World Toilet Day, which was celebrated November 19th, may not seem like a holiday to be taken seriously, but it is a day where awareness is spread about the 4.5 billion people who currently live without access to proper sanitation facilities.
Gender-segregated, public bathrooms became popular in the Victorian period; however, designers intentionally built fewer facilities for women to keep them out of public spaces. In fact, all public institutions, including educational buildings, workplaces, and recreational spaces were designed around the needs of men. Women were forced to cope by drinking less water, holding in their urine – which is dangerous and unhealthy – or spending less time in public, which was exactly what the men wanted.
“Buildings were mostly designed by male engineers which meant there was very little understanding of the sociological aspect of toilets. It is considered less space consuming to build urinals than cubicles and even till this day most countries have more toilets for men than women,” says Dr. Clara Greed, the emerita professor of inclusive urban planning at the University of the West of England in Bristol.
It wasn’t until the rise of the suffrage movement in the late 1800s that public toilets for women became more acceptable. This also came hand-in-hand with the rise in popularity of department stores and cafes, which encouraged women to stay in public.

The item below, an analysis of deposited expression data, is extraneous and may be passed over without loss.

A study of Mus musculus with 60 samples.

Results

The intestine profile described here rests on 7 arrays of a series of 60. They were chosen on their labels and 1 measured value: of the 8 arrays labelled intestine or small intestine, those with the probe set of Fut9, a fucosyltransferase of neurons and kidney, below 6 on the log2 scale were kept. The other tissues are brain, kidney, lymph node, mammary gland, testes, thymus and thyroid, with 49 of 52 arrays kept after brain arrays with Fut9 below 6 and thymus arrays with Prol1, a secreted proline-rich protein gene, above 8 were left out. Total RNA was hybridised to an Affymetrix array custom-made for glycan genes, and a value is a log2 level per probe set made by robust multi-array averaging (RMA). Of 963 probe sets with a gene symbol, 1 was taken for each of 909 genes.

In developed countries around the world, lack of access to a public toilet comes down to more of a lack of convenience than a lack of the actual facility. Undeveloped countries, however, are living in the midst of a sanitation crisis.
According to a WHO and Unicef report, progress in basic sanitation is slow in 90 countries. 600 million people around the world share a toilet with other households and 892 million people are forced to defecate in the open.
According to WaterAid’s latest report titled, “Out of Order: The State of the World’s Toilets,” 93 percent of Ethiopia’s population live without a household toilet and 732 million people in India live without basic sanitation facilities.
Women generally have a greater need to use a private or public restroom, whether it be because of incontinence issues, menstruation, or young children. According to a UNESCO report, one in 10 African girls don’t attend school during menstruation because of a lack of proper facilities for them to use. According to the WaterAid report, 46 million women in Ethiopia and 355 million women in India do not have access to safe toilets.
Many have recognized these worldly issues and have made efforts to change this reality for women around the world. Some women who live in these affected countries have teamed up with nonprofits such as WaterAid to help build facilities in their communities. Help has been brought in from other countries to build more facilities for women in places like India, and young girls are even taking matters into their own hands by working with WaterAid to educate about sanitation in schools.
It is hard to believe that billions of people around the world still suffer from something that others take for granted every day: using a toilet. The right of sanitation needs to be equal for all, and there is so much people can do to make this a reality.